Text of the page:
Knowing how to create original, insight-led content is a really great way to push business growth. In a crowded marketplace you need to stand out from your competition. Your brand essence needs to be seen and heard, just as loud as your core product offering. The content that you create and share across multiple communication platforms will have a notable impact on people’s perception of your brand. Making sure this content communicates personality, as well as industry insight, is a must.
“A brand is a living entity – and it is enriched or undermined cumulatively over time. It is the product of a thousand small gestures”. Michael Eisner, former CEO of Disney
We recently undertook a piece of research looking at the brand strength of 52 UK based mid-market private equity firms, with a European investment. Creating and sharing original and insight-led content was the lowest scoring aspect of user experience for most firms. This tells us that the voice of these firms is being lost in the crowd; their compelling stories and credible opinions are hidden, potentially closing the gateway to more deals of the right kind.
Below are our thoughts on how private equity firms could improve their content creation, as well as some examples we really liked from firms scoring highly in our report.
Communicate more than your company news
An online news portal or archive can be effective at communicating updates on new deals and exits. But they don’t communicate your brand’s, and your employee’s, opinions and thoughts on industry relevant topics. Communicating this effectively can really help your firm to stand for something more than the basic industry criterion.
Why not try including some of the following in your news feed:
- A short blog on what you think about the latest industry announcement
- A team member’s personal account of a recent industry event
- An inspirational article relating a key business skill to popular culture. For example the private equity firm Tenzing wrote a short piece about – how the care they take over relationships is similar to the friendships in Toy Story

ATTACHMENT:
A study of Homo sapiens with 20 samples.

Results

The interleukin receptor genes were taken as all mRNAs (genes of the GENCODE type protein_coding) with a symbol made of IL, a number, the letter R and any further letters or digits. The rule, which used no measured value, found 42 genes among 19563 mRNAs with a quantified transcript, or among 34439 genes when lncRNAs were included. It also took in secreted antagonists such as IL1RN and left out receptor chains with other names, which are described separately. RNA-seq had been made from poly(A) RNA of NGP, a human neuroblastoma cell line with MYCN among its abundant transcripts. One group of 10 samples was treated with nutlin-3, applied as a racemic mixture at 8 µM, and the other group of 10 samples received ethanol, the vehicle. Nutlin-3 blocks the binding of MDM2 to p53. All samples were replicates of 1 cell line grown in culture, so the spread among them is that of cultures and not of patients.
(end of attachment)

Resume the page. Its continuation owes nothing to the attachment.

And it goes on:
- A review of an industry relevant publication or blog. Frog Capital have a Frog Book Club where they regularly review business books.
Meet people in the team, not the qualifications in the team
Having a fully populated ‘meet the team’ section on your website can elicit trust and credibility. This is a great place to insert a bit of warmth by adding more information than the number of years experience and current investments. Try to emphasise the human side by mentioning hobbies, passions and interests. Allow customers to mentally start a relationship with your team and facilitate connections with work contact details. It’s also confidence building to have consistent images of the team – putting a face to the person you will be working with helps to generate feelings of inclusivity.
Be social on social media
Social media is a fantastic tool to open a low volume dialogue with your private equity clients that is nimble and far-reaching. Social media platforms are routinely used to assess the personality of a company that may not be evident on their website. It’s the place to be professional but friendly, knowledgeable but human.
The big 5 social media platforms:
- Linked In – 500 million active users
- Twitter – 330 million active users
- Facebook – 2.19 billion active users
- Instagram – 1 billion active users
- Pinterest – 175 million active users
We noticed from our research that, although many of our 52 companies used social media in some capacity, the content was little more than a reflection of their news feed. Although that is relevant content, it should be added to with more humanised and personalised content. People want to know what makes you tick so share opinions, views and commentary. Being bland is just that, bland.
Share your stories to enhance your credibility
Telling people about how your company came into being – the challenges faced, the support received, the lessons learned – can make your company seem more approachable, human, and open.
Engagement is a two-way relationship; try adding testimonials from clients to back up what you are saying about yourself. You can take this a step further by building a network of ambassadors. If you can turn a casual supporter into a loyal enthusiast they will promote you wherever they go. It’s also good to monitor what other customers are saying about the competition, keep your ears to the ground and learn from others mistakes.
In essence you want to grow and nurture a community of customers, thought leaders and industry specialists that you have an open dialogue with.
Variety is the spice of life
People are motivated in different ways and how they engage with you is no different. By offering multiple connection paths you are increasing the possibility of eliciting contact with new clients. You may also find existing clients respond favourably to this too.
Ways to do this are:
- Share your blogs on Medium or another blog directory.
- Organise or speak at forums to be seen as a thought leader.
- Create a regular breakfast meeting where your ambassadors are treated to food and a discussion about a recent industry development.
- Webinars and podcasts can be a great way to broadcast opinion and can also be shared across social media.
- Videos – animated or interviews – will add so much to your cultural footprint. They don’t have to be whacky to get noticed but shouldn’t be dry or dull.
- If you are spending a lot on one communication make sure you increase value by producing something that can be used across all channels. Simple text posts should happen as often as you can manage.
If you think you need a creative partner to help in this department we’d be delighted to talk about how we could work with you to reach your goal.